No disgrace in losing to nation with far greater resources
With the exception of Donald Duck, it's hard to think of anyone as persistently indignant as Alex Ferguson and Arsene Wenger.
Like our quacking friend, the two managers' rumbustious indignation of duck-like dimensions is boomed against referees, all sorts of unfortunate touchline officials, opponents, opponents' coaching staff and, of course, each other.
Now and then Minnie Mouse, drawing on her fine command of language, says something to put a brake on Donald's turbulence, but Ferguson and Wenger? What about their wives? Anyway, behind most women are men who let them down.
Not that those two were the only ones to rile us a bit this week.
There was Micky Harte from the wild fastness of Tyrone, who wanted TV cameras barred from his hinterland in case they caught players acting up. Croke Park, to their credit, soon put a stop to that nonsense.
But enough about great managers of our times and their idiosyncrasies.
Let's concentrate for a minute or two on the silence emanating from Paris last Saturday after the Grand Slam champions were hammered by a combination in blue. Surprised? Not me.
Let me repeat that Ireland is a minor rugby nation, with a mere fraction of the playing resources of the top handful of countries.
And it is not a disgrace to be beaten; instead, it would be a disgrace to the bigger nations to suffer defeat, considering their superior numbers.
Look at England, for instance, with their six-figure number of players, to Ireland's 27,000.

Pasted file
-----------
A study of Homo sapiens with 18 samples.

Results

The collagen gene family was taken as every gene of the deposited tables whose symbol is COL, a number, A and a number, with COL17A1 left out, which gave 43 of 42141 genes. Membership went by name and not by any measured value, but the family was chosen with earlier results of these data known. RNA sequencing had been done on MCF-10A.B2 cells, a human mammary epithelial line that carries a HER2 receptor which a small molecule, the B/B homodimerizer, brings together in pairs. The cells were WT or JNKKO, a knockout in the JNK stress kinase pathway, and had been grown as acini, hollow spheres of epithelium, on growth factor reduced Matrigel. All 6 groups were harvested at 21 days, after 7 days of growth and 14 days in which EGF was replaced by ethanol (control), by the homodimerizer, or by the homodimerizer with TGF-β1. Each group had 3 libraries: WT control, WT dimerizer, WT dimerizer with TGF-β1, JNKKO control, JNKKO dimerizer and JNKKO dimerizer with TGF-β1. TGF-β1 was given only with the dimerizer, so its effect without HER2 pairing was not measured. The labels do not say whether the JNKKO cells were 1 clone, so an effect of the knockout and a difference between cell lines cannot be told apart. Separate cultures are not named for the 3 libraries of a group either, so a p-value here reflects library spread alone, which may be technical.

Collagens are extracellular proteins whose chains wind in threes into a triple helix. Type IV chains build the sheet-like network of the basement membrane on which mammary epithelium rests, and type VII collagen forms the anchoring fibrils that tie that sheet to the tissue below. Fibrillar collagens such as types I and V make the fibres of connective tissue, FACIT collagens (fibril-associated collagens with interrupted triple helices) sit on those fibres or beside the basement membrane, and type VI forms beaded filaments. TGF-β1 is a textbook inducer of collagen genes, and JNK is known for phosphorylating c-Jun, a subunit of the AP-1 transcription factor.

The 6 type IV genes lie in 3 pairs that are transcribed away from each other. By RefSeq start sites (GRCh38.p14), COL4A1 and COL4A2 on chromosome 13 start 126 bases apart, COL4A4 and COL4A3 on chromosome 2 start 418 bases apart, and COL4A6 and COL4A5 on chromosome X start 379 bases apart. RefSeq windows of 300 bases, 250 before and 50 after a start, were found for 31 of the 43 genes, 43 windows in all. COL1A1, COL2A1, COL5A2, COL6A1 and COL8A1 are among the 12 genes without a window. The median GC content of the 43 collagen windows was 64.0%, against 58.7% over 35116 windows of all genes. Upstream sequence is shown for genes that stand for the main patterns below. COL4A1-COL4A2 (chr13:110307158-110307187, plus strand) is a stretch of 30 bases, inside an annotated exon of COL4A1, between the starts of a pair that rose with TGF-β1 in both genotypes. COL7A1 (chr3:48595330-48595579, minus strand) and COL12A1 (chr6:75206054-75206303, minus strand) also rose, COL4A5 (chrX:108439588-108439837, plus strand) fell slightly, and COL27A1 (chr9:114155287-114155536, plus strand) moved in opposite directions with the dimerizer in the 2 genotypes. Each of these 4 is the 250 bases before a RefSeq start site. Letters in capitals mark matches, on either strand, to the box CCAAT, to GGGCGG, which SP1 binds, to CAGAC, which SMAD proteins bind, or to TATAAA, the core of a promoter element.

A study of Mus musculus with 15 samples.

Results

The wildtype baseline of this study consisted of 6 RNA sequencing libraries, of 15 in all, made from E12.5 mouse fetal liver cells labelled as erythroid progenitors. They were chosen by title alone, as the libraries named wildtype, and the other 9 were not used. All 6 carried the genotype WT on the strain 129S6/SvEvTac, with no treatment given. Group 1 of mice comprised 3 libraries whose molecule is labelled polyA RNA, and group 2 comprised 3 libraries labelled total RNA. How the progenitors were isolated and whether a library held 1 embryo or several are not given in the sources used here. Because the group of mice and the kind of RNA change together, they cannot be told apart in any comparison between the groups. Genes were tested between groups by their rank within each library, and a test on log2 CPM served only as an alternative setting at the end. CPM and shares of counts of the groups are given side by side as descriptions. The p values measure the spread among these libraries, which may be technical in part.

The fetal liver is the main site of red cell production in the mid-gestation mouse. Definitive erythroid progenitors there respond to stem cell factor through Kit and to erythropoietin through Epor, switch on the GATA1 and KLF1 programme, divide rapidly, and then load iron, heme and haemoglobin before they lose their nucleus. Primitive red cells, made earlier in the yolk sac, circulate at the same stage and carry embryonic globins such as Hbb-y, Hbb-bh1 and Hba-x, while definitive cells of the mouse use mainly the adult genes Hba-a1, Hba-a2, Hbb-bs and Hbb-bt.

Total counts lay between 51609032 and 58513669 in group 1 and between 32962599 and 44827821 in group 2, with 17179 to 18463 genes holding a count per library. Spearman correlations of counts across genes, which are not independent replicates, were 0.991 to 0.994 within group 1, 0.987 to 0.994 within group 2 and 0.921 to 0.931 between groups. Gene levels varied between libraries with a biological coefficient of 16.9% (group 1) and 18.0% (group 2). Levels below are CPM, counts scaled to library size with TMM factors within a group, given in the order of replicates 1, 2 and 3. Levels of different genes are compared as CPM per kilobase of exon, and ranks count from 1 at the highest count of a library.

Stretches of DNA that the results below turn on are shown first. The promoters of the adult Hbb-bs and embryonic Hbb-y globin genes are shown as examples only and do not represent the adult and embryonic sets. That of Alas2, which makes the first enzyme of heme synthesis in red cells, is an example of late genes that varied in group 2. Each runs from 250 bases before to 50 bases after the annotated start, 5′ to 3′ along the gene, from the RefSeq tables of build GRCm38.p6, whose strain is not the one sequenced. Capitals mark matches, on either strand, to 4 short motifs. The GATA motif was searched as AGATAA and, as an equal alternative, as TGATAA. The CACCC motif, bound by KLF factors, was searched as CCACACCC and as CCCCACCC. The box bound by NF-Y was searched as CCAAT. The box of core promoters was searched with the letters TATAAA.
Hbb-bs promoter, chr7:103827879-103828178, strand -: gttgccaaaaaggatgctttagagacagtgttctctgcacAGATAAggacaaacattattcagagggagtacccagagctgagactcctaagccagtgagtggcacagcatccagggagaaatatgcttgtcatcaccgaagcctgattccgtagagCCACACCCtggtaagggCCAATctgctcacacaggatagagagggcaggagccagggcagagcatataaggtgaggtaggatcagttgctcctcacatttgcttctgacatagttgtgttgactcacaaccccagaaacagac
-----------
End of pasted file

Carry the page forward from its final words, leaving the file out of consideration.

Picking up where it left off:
Nowadays, in this professional era, some of the Top 14 French clubs have total wage-bills approaching €20m (although they are bringing in a salary-cap of €8m for next season), to England's supposed £4m.
And note the number of leading England players, including Jonny Wilkinson, who have joined French clubs.
Also, All Black Dan Carter, considered the world's best out-half, joined Perpignan for half the 2008-09 season for €500,000.
What is clear is that the IRFU are the most successful union in handling the professional game -- the set-up in Ireland is the envy of the other big nations.
In France and England, private individuals own the clubs. Not in Ireland, where the IRFU are the employers and the bosses and pay the players directly -- the amounts are not divulged.
However, we know from the IRFU annual accounts is that €31m covers the entire professional game -- remunerations for not only the players but also the coaches and the back-up staff (including the medical staff).
Very importantly, that €31m also covers the money devoted to the four provinces, including the wages for players and coaches, and administrators, the grounds and all the rest.